The Electrical Industry’s Professional Recruiter

Emerging Lighting Professionals: Advice

As the third and final blog of the Emerging Lighting Professionals series, here’s the advice lighting firms had for emerging professionals in the lighting industry:

1. Be yourself, understand who you are. Write down your values i.e. helping others, being creative, financial security, etc.; and your interests, for example: what do you pay attention to, what are you curious about and what concerns you? What is your temperament: do you prefer being alone or with other people, do you make decisions based on feeling or facts, and/or do you prefer details or big ideas? Are you a morning person or night owl; when does your energy peak? What are your strengths, skills, abilities and your character strengths? Research different positions and look at job descriptions to see if they align with your notes about yourself.

2. Analyze the different sectors of the industry: manufacturers, specifiers (architectural firms, lighting design firms, MEP firms, etc.), rep agencies and distributors; determine which sector you prefer to be in. Manufacturers handle their own product line and are the product experts. Rep agencies are the middleman of the manufacturers and distributors. They represent many manufacturers products; which can be up to 100 manufacturers or more and they are market specialists, so they know all the distributors and specifiers in their city and which buildings are being built or retrofitted. Distributors stock the products for the manufacturers, so they can quickly ship to job sites. Specifiers are lighting design firms, architects or engineering firms and they design the building and select what products to buy. Specifiers are product agnostic, so they can use any manufacturer’s products they want. They design what the lighting will look like in the space and choose fixtures to create a specific effect.   

3. Find a mentor. Choose someone that’s seasoned and that you admire; ask them if they will be your mentor, take them to lunch or grab coffee; ask for their advice and ask them to hold you accountable. Choose wisely, look for someone that is enthusiastic, passionate, successful and positive. Choosing someone negative will drag you down. 

4. In preparing for an interview, dress and act professionally. Research the company and the industry, read their website, google the company name for other news and research their key employees on LinkedIn. Bring several copies of your resume, a notepad and pen. For lighting design or engineering positions, bring a few copies of your portfolio in both a hard and digital copy. Your portfolio should exemplify your work, whether it’s from school or a job, and give them examples of the work you did to get to that design and be prepared to discuss your process/involvement in creating that design. Be prepared to discuss your accomplishments and skills with examples to support them. Rehearse answering those questions before the interview several times to build up your confidence. Use STAR analysis as a guide:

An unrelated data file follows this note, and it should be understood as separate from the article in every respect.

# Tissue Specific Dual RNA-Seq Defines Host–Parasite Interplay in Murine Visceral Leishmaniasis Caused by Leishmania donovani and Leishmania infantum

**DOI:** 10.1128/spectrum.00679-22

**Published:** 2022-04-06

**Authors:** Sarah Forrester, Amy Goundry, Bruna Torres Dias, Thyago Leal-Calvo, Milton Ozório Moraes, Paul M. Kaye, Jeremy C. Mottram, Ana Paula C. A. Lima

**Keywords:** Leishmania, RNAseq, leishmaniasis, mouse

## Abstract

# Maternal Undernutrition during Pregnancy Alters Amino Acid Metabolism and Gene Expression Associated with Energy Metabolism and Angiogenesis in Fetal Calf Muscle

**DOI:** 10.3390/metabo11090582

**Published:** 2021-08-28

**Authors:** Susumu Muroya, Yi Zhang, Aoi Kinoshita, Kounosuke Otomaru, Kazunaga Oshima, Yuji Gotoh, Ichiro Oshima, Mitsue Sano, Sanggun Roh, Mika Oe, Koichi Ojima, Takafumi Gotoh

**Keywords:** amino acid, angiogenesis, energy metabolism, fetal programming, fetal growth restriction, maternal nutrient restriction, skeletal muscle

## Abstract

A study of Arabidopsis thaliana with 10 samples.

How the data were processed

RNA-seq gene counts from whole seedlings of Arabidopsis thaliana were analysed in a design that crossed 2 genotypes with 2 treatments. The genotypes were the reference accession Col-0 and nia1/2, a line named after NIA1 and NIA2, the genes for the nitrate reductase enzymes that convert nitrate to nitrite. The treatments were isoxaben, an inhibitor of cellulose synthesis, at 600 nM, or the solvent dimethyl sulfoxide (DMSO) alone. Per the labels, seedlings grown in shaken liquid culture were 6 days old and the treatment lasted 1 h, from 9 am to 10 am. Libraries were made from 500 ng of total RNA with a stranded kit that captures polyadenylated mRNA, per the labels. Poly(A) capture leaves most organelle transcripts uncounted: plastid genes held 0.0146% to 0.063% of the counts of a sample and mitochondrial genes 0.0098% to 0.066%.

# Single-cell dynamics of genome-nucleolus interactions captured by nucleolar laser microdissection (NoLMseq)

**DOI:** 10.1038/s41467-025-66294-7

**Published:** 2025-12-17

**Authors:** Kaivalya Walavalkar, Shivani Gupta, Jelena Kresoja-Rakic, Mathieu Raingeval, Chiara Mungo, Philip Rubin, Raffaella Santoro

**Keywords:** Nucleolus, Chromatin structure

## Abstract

a. Situation. Backstory, who, what, where, when

b. Task. What was your exact involvement in the situation, what were you assigned to do?

c. Actions. The steps you took to solve the challenge, how you attacked  problems, how did you overcome roadblocks and any unique methods you used?

d. Results. How were things better off because of your actions? What did you learn? Include numbers where you can, for example: increased sales by 10%, came in under budget by 10%, etc.

5. Be patient. You must put in your time; and learn your craft both on the job and on your own. The seemingly mundane details have value and are important to master your craft. I tell my colleagues all the time, we must return to basics when we are in slump/when sales are down; they are what made you who you are today. Exercise those basics until you’ve mastered them. Michael Jordan famously said that “you can practice shooting for 8 hours a day, but if your technique is wrong then all you become is very good at shooting the wrong way. Get the fundamentals down and the level of everything you do will rise. If you get away from the fundamentals the bottom will fall out.”

6. Be enthusiastic and passionate about lighting and what you want to do; I hear this from my clients all the time. They are excited about a candidate on paper and when they come in for an interview, the candidate shows no interest or passion. If you’re not passionate or excited about the opportunity, they’ll question your longevity within the company and industry. Frank Bettger said in his book, How I Raised Myself from Failure to Success in Selling, “enthusiasm is by far the highest paid quality on earth, probably because it is one of the rarest; yet it is one of the most contagious.” How do you become more passionate and enthusiastic? Act enthusiastically (fake it ‘til you make it), surround yourself with enthusiastic people, focus on what makes you happy and what you are grateful for and take care of yourself physically and mentally (eat well, get enough sleep, exercise). Create a vision board: find pictures that represent your goals, of what makes you happy, things you’d like to buy and/or places you’d like to visit; and hang it somewhere as an everyday reminder.

Here at Egret Consulting, we are always willing to help. Please reach out to us if you have any industry questions or are looking for professional tips at info@egretconsulting.com.


Brooke Ziolo is a contingent and retained executive recruiter working exclusively within the Lighting Industry. To learn more about how she can help your Lighting company, LED company or Lighting Design Firm attract talent, check out her biographyLinkedIn profile or email her at bz@egretconsulting.com.